Roads & Bridges

Weybridge was founded and named by a crossing of the River Wey, a tributary of the River Thames back in the 13th century. Weybridge was of little significance merely being on the passage to Chertsey in the Manor of Byfleet.

And today Weybridge is bordered by the fast dual carriageway A3 from London to Portsmouth to the East and to the south the 8 lane (soon to be 12?) notorious M25 London orbital motorway.

Weybridge is at the centre of a close collection of bustling towns and its High Street is a heavily used and connection between Walton and the Runneymede towns of Chertsey, and Addlestone.


Weybridge's royal connection was the building of Oatlands Palace in 1537 by Henry VIII when, we are told, the inhabitants of Weybridge asked to be excused from conveyance of the royal baggage because they had only one cart!

The Palace's main contribution to the future was, on its demolition in 1650, to provide its bricks to line the lock walls of the new Wey Navigation. This one of the first canalised rivers in England to provide Guilford, the county town of Surrey, with access for its goods to the world via the Thames and London. The project's founder Richard Weston of Sutton Place faced much local opposition to this new method of transport - as echoed today by the opposition to the further widening of the M25 motorway.


Weybridge was still a sleepy village when Victoria ascended to the throne in 1836. But that was rudely shattered two years later with the opening of the London & Southampton Railway. Weybridge was now within easy, convenient and inexpensive access of London.

The Surrey countryside was a great attraction to the upwardly mobile London office managers and workers. Grand villas appeared in St George's Hill - still one of the most sought after areas around London. The breakup of the Oatlands Estate opened up further opportunities for development and Weybridge became a bustling town. The medieval church was swept aside to be replaced with St Jame's and the town took the shape we see today.

Weybridge Station on a workday morning is crowded with commuters to London courtesy(?) of South West Trains - the inheritors from British Rail of ritual abuse for the difficulties of operating one of the busiest commuter railway in the world.

Check the train Weybridge timetable at the
Railtrack Website

Motor Cars

No sooner had the reliable motor car been developed then people started racing them!

Hugh Locke-King brought professional racing to England with the first race track at Brooklands. This famous circuit with its high banked curves is remembered both for those dashing green Bentleys racing between the wars and a world speed record was made on the track in 1909. Malcolm Campbell set up shop to build his famous Bluebirds. Campbell's success and increasing speed outstretched the capability of even such a fast track and future attempts had to use a flat straight course - at Pendine Sands in Wales and then across to America.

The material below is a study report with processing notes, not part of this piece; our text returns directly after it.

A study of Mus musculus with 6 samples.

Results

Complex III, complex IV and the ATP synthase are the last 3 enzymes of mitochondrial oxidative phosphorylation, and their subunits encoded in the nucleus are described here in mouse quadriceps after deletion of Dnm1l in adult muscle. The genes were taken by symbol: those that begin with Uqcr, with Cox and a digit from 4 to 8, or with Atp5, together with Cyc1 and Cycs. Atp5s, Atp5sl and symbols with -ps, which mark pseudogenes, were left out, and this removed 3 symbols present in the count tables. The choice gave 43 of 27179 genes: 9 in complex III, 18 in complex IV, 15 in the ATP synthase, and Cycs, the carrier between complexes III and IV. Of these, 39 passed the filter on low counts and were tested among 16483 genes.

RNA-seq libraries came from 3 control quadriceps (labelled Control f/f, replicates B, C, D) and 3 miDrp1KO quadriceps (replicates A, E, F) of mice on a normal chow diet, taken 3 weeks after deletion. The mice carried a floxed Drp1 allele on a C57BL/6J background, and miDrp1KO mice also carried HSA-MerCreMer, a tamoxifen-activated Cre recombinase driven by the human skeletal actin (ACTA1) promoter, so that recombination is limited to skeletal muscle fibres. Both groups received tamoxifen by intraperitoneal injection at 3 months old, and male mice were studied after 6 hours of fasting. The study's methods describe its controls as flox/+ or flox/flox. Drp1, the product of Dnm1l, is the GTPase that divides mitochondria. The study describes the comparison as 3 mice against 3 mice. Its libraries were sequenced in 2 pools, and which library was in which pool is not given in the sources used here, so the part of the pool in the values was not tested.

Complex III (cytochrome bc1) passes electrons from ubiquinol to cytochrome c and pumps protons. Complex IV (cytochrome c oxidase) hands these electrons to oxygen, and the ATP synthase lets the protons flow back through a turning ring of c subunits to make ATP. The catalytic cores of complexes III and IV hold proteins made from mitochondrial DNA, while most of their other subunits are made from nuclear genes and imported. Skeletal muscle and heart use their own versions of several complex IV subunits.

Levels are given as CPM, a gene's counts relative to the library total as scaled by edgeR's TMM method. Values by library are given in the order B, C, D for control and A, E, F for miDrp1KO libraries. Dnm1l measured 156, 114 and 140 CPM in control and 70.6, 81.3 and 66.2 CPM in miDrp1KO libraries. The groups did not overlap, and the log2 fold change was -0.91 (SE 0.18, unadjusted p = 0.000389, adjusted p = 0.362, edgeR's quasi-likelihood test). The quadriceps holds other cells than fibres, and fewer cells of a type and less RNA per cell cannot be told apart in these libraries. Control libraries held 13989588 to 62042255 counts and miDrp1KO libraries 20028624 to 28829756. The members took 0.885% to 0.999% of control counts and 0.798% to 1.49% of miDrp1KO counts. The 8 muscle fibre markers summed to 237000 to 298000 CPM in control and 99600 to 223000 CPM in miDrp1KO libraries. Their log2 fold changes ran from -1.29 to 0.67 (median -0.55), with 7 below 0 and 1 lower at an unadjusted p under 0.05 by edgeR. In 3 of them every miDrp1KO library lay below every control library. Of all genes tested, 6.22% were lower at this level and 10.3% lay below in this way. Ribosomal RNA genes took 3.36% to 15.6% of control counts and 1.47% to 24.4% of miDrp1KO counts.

Bluebird at Daytona Beach, 935
Bluebird at Daytona beach, Florida in 1935

The race track closed in 1939 with the outbreak of the second world war. It still lives on with significant parts restored as part of the Brooklands Museum. This is contained within a Business Park that is vital to the prosperity of Weybridge today and the UK home of Toshiba (see below).

Visit the Brooklands Website


The Brooklands motor racing circuit soon had an airfield for visiting fliers. The workshops that built cars and their engines expanded into building aircraft. Weybridge became the home of Vickers who designed and built many of the Britain's world beating aeroplanes. These include:

  • Vickers Vimy the World War I bomber and first aeroplane to cross the Atlantic
  • Spitfire and Hurricane fighters that won the Battle of Britain in 1941
  • Wellington - designed by Barnes-Wallis and mainstay of RAF Bomber Command for first years of the World War II.
  • Vickers Viscount - the worlds first successful turbo-prop airliner
  • Vickers VC-10 - the world's first rear 4 engined intercontinental jetliner

Vickers Viscount
Vickers Viscount

As modern civil aircraft traffic developed the siting of the West Byfleet airfield became impractical - both in the length of its runway and disruption to other traffic because of its proximity to Heathrow and Farnborough. The decline of the British civil aircraft industry sealed its fate. In 1982 the airfield was closed. It is now been reborn as the successful Weybridge Business Park.

Mobile Computing

Weybridge is heavily involved in the transport of the future with the UK home of Toshiba Information Systems. Toshiba dominate the market for computing on the move. Their range of portable notebook computers allow people to work anywhere in the world and simultaneously keep in touch with with their office and home systems by fixed or mobile telecommunication links.

Toshiba and mobile phone

Visit the Toshiba Website

Interested in history? Click one of these links for historical information in that area.